Issues related to schools seem to be driving what people think about the legislature.
This analysis was performed by Robert Richards, a student research fellow at BYU’s Center for the Study of Elections and Democracy, in collaboration with CSED faculty. The writing is mostly his. Inquiries about this research should come to Adam Brown or Quin Monson.
Near the end of the recent legislative session, the Utah legislature’s approval rating among voters was about 48%. We often hear in the news about approval ratings such as these, but what do they mean really? What about the legislature do Utahns approve or disapprove? Based on a Utah Voter Poll conducted near the end of the legislative session, it turns out that people judge the legislature based on their personal views on policy and how well the legislature’s actions represent those views. While some personal characteristics like age and partisanship do also play a role, we found that opinions about school funding and sex education are the best predictors of overall approval of the Utah legislature once other factors are taken into account.1
Our poll also asked about other issues, including health care, taxes, gay marriage, environmental protection, jobs, public lands, liquor reform, and bringing the Olympics back to Utah. Liquor reform and the Olympics had a modest correlation with overall evaluations of the legislature, but none of the other issue questions did (once partisanship, age, and other demographics were taken into account).
In the last session, at least, issues related to schools seem to be driving what people think about the legislature. The table below compares the results of two separate questions from our poll. The first question asks whether Utah spends too little, too much, or the right amount on education. The second asks whether the respondent approves or disapproves of the legislature overall. Those who thought the state spent too much or about the right amount on education approve of the legislature by about a 2 to 1 margin. The exact opposite is true of those who think the state spends too little on education.2
|Regarding education, Utah spends…||Disapprove of legislature||Approve of legislature|
Another issue related to schools that plays a role in Utahns’ evaluation of the legislature is the issue of sex education. Those who don’t think contraceptives should be taught in schools were much more likely to approve of the legislature than those who held the opposite opinion.3
|Public schools in Utah should teach about the use of contraceptives||Disapprove of legislature||Approve of legislature|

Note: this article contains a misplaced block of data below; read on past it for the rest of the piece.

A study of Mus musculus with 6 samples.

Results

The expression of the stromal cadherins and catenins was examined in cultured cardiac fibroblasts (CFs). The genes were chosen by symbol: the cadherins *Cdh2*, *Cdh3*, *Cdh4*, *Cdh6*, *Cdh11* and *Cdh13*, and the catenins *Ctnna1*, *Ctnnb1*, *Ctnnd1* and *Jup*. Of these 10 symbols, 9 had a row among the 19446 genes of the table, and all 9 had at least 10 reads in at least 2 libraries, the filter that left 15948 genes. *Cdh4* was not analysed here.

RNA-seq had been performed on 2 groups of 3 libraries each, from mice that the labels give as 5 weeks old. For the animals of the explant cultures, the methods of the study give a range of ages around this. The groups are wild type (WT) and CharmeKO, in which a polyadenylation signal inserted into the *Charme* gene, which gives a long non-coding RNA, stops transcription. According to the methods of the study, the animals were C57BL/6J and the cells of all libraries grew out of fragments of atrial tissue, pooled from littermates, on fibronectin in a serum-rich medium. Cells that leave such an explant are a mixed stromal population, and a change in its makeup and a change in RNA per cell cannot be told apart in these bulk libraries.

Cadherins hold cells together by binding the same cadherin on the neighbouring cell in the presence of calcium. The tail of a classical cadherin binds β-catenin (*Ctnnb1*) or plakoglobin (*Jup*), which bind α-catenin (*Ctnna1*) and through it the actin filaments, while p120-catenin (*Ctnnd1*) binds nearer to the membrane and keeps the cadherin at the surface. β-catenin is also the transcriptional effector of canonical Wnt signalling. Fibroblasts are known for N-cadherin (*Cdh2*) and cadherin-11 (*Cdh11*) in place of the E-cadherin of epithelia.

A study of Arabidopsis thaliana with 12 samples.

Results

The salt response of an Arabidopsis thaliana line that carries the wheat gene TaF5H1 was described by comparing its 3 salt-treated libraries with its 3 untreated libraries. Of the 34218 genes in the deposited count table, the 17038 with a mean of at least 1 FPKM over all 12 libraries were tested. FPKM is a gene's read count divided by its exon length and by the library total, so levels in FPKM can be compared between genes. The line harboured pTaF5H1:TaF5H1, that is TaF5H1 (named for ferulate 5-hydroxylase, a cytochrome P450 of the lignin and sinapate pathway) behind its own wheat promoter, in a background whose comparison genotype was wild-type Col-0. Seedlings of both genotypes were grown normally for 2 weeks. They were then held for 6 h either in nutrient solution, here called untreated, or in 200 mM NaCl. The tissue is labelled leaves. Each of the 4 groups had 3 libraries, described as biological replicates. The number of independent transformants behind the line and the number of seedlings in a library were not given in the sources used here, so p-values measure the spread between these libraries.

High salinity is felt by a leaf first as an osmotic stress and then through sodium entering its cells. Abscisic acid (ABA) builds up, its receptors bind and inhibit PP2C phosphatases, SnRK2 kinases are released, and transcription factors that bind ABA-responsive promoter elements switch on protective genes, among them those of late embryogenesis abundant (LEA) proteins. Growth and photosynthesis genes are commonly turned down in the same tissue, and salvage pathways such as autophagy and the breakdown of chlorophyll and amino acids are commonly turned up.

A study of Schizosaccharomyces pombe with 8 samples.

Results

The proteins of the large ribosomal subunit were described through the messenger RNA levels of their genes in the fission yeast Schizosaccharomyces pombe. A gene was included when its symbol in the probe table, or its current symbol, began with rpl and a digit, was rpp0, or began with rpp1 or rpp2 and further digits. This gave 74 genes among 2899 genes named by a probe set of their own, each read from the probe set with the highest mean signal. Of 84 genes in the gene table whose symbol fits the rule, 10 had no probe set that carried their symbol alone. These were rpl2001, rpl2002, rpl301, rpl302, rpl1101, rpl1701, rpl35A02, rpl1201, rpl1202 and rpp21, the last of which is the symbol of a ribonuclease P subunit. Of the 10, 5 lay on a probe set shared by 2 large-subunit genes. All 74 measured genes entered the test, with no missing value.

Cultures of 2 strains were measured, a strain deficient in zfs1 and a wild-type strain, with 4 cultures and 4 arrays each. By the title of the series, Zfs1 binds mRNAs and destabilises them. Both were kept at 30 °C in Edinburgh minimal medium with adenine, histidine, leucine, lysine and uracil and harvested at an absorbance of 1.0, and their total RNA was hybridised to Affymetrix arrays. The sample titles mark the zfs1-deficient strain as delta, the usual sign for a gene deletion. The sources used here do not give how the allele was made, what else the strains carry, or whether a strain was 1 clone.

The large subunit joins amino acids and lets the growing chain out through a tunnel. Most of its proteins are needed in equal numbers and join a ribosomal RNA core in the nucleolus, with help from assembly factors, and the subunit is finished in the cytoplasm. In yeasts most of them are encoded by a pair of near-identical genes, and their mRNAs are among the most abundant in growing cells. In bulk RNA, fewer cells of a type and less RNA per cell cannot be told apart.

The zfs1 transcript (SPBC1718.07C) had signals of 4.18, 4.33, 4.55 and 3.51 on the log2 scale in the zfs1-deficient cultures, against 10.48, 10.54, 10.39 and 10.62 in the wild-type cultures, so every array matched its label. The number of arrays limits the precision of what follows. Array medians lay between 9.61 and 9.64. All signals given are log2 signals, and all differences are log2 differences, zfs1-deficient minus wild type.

|Neither Agree nor Disagree||48%||52%|
For the 2012 session, it looks like education issues were on everyone’s minds. Utahns seem to evaluate the legislature mostly on their performance regarding these issues. This is not to say that the legislature or state policy is right or wrong either way, but it does suggest that Utahns use their own views of what is right for the state’s schools to judge the legislature.
The Utah Voter Poll (UVP) is a sample of actual Utah voters who were invited to join an online panel as part of the Utah Colleges Exit Poll. Like all exit poll participants, UVP panel members were selected via a probability sample of Utah voters who vote at a polling place on election day. This version of the UVP was fielded online from February 27th to March 11th. 504 respondents answered the questions addressed here, producing a margin of error of roughly 4 percentage points. The margin is larger when looking at a subgroup; when looking only at Republicans, for example, the margin of error is about 7 percentage points. The margin of error is also affected by the complex sampling design and is actually different for each question, depending on the distribution of answers.
Following is the exact question wording used along with results in parentheses:
“Do you approve or disapprove of how the Utah State Legislature is handling its job?”: Strongly approve (2.1%), approve (45.6%), disapprove (29.1%), strongly disapprove (23.2%).
“For each of the categories below, do you think the government of the state of Utah spends too much, too little, or about the right amount? (K-12 Education)”: too much (6.9%), about right (24.6%), too little (68.5%).
“Please indicate how much you agree or disagree with the following statements about issues the state government has recently considered. -Public schools in Utah should teach about the use of contraceptives.”: strongly agree (13.6%), disagree (15.7%), neither agree nor disagree (12.1%), agree (25.6%), strongly agree (33.1%).